Frames, Four Elements, Dark Arteries
London, Sadler’s Wells
12 May 2015
Gallery of Dark Arteries pictures by Foteini Christofilopoulou
Gallery of Frames pictures by Stephen Wright
The world premiere of Dark Arteries was greeted with applause the moment 32 members of the Tredegar Town Band were revealed in steep tiers at the rear of the stage, brass instruments gleaming under the lights. Michael Howells had constructed a set around them, with scaffolding towers and perspex shields protecting them from the dancers: the musicians and their conductor, Ian Porterhouse, were the key performers of the work, commemorating the mining communities that lost their livelihood 30 years ago.
Gavin Higgins, Rambert’s first Musical Fellow, comes from a family of brass band players. Dark Arteries is his tribute to the power of music to unite and sustain troubled communities. Though the title refers to a poem about coal mining in Wales by Mervyn Peake, it has echoes of Dark Elegies, Antony Tudor’s 1937 ballet for Rambert about grief-torn families. Mark Baldwin’s choreography acknowledges Tudor’s ballet and the miners’ strike of 1984-1985, without being specific about time or place.
The opening section starts with deep rumbles from the tubas as a line of women enters in long dark dresses – a visual reference to the women in Dark Elegies. They are the backbone of the community, which breaks into trios and duets as the men enter and the music livens, becoming more industrial: gentle tubular chimes are overtaken by clanging percussion.
In the second section, the conflict of the strike is evoked in the aggression of the dancers and the agitated music, rising to a clamorous climax. The perspex sheets in front of the lower tier of musicians resemble police shields, as the dancers hurtle across the stage, shaking their fists in combative rage. Defeated, they collapse on the ground as the lighting changes to suggest a changed environment, a post-industrial society.
Small Lucy Balfour and tall Adam Park introduce the last section in an adagio duet that is taken up by other couples, now dressed in vividly coloured bodysuits. A male couple, Pierre Tappon and Luke Ahment, both in orange, grapple head to head, crawling on their knees. Their resolution into a passionate, forgiving duet is witnessed by a Greek chorus of women in the dark dresses of their first appearance. The elegiac music refers back to the opening section, implying that the community is healing itself into harmony with its past. The sonorous rumbles of the tubas and the two men once again butting head to head make for an unsettling resolution.
Higgins’s music will certainly stand on its own as a concert piece (or brass band competition challenge). Baldwin’s allusive choreography would suffer without the live wall of musicians and instruments to dominate its contrasting sections. Its emotional charge is uncertain, its duets unrevealing; its flickering power comes from the ensembles and the music driving them.
The other new piece in the triple bill is Alexander Whitley’s Frames, given its premiere in March on tour in Glasgow. It, too, has a percussive industrial score, commissioned from Icelandic composer Daniel Bjarnason. It’s impossible to tell how much is pre-recorded, played live or passed through a synthesiser, as well as amplifiers, to painful effect.
Frames puts Rambert’s dancers to work, uniformly dressed in white shirts and grey trousers, with socks instead of steel-capped boots. The first man to arrive, Dane Hurst, carries a slender metal pole that he uses as a prop to investigate ways of moving around it: a touch of Fred Astaire dancing with a cane or broom handle. When the other eleven enter, their actions are initially more task-like, measuring and constructing shapes with hinged rods.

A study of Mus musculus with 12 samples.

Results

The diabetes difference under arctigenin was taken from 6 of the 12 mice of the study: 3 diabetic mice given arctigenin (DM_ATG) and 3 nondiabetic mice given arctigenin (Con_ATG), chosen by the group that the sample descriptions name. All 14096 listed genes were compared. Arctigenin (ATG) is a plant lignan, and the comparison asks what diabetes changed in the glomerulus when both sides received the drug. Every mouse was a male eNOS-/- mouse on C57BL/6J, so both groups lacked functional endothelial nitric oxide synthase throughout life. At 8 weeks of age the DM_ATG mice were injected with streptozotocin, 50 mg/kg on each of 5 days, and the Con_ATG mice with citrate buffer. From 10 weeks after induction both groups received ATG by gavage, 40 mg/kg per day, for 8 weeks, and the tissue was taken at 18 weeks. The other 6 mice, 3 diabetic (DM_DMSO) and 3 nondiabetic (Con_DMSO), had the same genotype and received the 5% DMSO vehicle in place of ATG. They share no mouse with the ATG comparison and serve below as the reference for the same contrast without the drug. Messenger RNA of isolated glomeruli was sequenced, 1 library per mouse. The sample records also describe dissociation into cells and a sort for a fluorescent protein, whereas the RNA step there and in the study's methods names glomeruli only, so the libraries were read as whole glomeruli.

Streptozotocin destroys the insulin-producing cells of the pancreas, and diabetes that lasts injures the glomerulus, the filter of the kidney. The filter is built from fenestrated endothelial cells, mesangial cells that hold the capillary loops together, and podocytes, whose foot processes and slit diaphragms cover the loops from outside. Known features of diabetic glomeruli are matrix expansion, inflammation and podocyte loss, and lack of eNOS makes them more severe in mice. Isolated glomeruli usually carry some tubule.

At one point, they co-operate to fix the flexible rods into ballet barres, an integral part of dancers’ working lives. But because the ingenious structures they make are swiftly dismantled, their busy activities become meaningless, less interesting than the ‘abstract’ shapes of contemporary dance. Whitley has tried to reanimate the piece by adding lamps to the frames so that they cast shadows on the darkened stage. He sets the dancers moving in canon to fan out their poles, then re-assembles them in duets within the frames.
He has run out of combinations long before the finale, in which the poles are laboriously linked into a lighting rig suspended above the stage. Bjarnason’s score clangs bombastically as the dancers carry on performing without their props, by which time there is nothing more to think about the transience of dance. Enough already.
Lucinda Childs’ Four Elements, commissioned for the company in 1990, is a salutary example of how less is more. She is famous for the repetitive minimalism of her choreography, consisting in this piece of triplet runs, swift turns, and the triangular shapes of leaps and arabesques. Dancers have to be precise, tireless, limbs kept straight, not curved (a reproach to those not on form).
Gavin Bryars’s inventive score requires blaring horns, deep bass instruments and versatile percussion, including a water gong. He sets the pace and timbre for each of the elements: heaven knows what Jennifer Bartlett’s four paintings depict, other than the seasons in the countryside, complete with red tank, skull and bones. One of the dancers is costumed as a skeleton: maybe she represents Death from the Tarot card pack, a reminder that death holds all the cards that flutter down from the flies at the end.
Design-wise, it’s a messy piece, with distracting costumes – four men in hideous tartan, two women as suits of playing cards, another as a domino. But the rigorously nuanced choreography is a clear, clean, unpretentious pleasure. Rambert’s repertoire, under Baldwin’s direction, continues to divert and instruct in its combination of classic revivals and bold commissions.